Harley-Davidson continues to search for a way out of the corner into which it has painted itself.
Today the motor company announced that Keith Wandell (pictured above) who has worked for another Milwaukee company named Johnson Controls for the last 21 years, will become the Chief Executive of Harley on May 1st. Wandell succeeds James Ziemer who has worked for Harley for the last 40 years and has been running the company for the last four.
Harley-Davidson had to borrow $600 million in early February to stay in business. Half of that money came out of the pocket of the famous money making guru Warren Buffett. And, the loans are unsecured which means that if Harley goes out of business nobody is going to get paid back. So presumably, these big creditors sat in on the job interviews.
Why This Guy
Wandell’s old company supplies auto manufacturers world-wide. Johnson Controls sells parts to Chrysler, Ford, GM, Honda, Hyundai-Kia, Mazda, Mercedes, Mitsubishi, Nissan, and Toyota. The company has 43,000 employees in the United States.
And, one of the reasons Harley hired Wandell is because the Board of Directors thinks his experience selling parts overseas will help the company sell more bikes on other continents. The market for heavyweight motorcycles in this country is what millionaires like to call “mature.” That means that just about everybody who wants to own a Harley already has one. Sales to new Harley owners are offset by lost sales to bikers who are either content to keep the old bike running or who have traded their motorcycle in for a boat.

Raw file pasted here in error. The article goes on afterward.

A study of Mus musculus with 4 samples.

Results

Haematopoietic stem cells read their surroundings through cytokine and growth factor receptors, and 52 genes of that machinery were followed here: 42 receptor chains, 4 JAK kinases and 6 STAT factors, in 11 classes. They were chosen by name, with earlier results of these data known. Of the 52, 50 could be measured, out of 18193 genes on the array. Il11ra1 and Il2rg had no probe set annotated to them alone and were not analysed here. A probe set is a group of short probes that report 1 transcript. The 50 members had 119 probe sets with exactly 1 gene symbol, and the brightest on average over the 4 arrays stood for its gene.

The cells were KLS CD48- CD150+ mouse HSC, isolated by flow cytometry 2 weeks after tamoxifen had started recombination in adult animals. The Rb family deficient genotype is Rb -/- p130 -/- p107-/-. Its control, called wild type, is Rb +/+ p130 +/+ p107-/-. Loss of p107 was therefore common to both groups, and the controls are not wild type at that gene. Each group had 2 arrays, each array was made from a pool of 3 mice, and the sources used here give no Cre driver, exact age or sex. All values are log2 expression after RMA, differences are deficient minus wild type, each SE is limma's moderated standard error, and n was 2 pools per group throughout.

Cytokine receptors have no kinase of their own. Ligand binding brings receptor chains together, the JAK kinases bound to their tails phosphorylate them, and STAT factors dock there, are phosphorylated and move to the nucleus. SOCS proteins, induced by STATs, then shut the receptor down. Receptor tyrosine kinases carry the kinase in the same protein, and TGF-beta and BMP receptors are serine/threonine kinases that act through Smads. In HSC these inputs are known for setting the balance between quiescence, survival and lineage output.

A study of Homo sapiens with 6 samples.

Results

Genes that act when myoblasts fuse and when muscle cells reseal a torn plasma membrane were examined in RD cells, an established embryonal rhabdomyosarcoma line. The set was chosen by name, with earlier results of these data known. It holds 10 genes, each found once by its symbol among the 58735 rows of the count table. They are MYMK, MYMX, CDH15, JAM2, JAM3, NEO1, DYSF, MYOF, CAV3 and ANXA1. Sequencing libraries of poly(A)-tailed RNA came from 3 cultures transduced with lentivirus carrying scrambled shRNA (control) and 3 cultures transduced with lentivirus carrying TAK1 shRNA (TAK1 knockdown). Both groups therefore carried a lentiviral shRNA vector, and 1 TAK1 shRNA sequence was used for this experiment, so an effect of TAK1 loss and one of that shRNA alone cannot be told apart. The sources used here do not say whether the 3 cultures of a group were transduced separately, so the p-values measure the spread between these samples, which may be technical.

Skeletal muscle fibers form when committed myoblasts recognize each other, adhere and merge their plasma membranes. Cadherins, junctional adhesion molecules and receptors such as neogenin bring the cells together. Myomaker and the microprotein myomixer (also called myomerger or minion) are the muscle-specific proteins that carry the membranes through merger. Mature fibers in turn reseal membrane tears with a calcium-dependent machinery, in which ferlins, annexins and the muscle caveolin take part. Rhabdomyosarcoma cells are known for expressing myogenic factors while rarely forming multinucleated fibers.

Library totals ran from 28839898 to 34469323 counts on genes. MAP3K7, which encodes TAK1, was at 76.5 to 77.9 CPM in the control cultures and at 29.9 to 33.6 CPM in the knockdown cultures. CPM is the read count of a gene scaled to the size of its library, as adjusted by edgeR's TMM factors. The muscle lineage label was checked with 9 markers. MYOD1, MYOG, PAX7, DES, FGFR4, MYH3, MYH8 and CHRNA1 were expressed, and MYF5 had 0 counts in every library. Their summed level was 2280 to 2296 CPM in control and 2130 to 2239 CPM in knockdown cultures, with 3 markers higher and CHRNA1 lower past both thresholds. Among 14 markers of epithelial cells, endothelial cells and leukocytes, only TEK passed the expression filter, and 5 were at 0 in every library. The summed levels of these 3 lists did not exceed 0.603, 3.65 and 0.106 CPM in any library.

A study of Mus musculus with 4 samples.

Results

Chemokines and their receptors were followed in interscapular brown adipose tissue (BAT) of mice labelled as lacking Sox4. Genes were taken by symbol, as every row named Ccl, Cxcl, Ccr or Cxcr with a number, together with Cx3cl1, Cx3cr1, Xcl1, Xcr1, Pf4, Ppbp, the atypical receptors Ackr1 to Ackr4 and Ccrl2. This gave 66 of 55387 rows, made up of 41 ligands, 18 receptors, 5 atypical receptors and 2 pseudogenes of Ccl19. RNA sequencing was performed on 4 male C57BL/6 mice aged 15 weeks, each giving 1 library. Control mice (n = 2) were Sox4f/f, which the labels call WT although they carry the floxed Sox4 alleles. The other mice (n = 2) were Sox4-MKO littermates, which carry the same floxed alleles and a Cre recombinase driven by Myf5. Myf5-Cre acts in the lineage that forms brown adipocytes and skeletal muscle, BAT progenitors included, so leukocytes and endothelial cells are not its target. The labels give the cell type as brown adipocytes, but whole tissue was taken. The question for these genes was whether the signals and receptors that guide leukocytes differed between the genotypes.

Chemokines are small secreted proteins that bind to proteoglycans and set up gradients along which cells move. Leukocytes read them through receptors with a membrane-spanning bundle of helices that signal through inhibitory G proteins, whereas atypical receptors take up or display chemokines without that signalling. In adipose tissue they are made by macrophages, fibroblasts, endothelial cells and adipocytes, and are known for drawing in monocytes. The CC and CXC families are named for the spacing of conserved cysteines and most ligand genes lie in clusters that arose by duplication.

Selling More Bikes
There are two ways to increase sales in a mature market.
One way is to make a product that either wears out or becomes out of date. In consumer electronics, for example, people have been forced to replace their computer hardware and software, their cell phones, and the media they use to store their music whether their phonographs and their computers still work just fine or not. Ford Model Ts never wore out so automakers introduced stylish new “models.” With fins! When American Machine and Foundry owned Harley they tried to boost new bike sales, and profit margins, by building really crappy bikes.
The other way is to boost sales is to start selling refrigerators to Eskimos. The logic here is that if Harley can just introduce its brand to people who have never considered buying one of their motorcycles before, like Mongolian shepherds or Afghan tribesmen, the demand for the bikes will grow.
For years Harley has been trying to increase the size of its market by enticing American women and twenty-something men to buy the company’s bikes. In case you are wondering why there is a V-Rod, a Buell and a Women of Harley.
In a press release announcing his appointment, Wandell was quoted as saying, “If you’re only working on today and tomorrow, then things are going to stall out.” Which might just be an example of the kind of safe corporate-speak that reflects the standard corporate thought that got Harley in trouble in the first place.
Wandell is bringing in both a new Minister of Propaganda and a new Warlord. Matthew S. Levatich, who is now the boss of all bosses at a Harley owned Italian motorcycle company named MV Agusta will be the new President and Chief Operating Officer of Harley-Davidson Motor Company. Think of him as the Warlord.
Harley is also creating a new executive position to “oversee motorcycle product planning and development processes.” The title of the new job is Executive Vice-President for Corporate Product Planning. Think of him as the press release guy. A man named James McCaslin will sit in that office.
So at last! Our motorcycle company has been saved!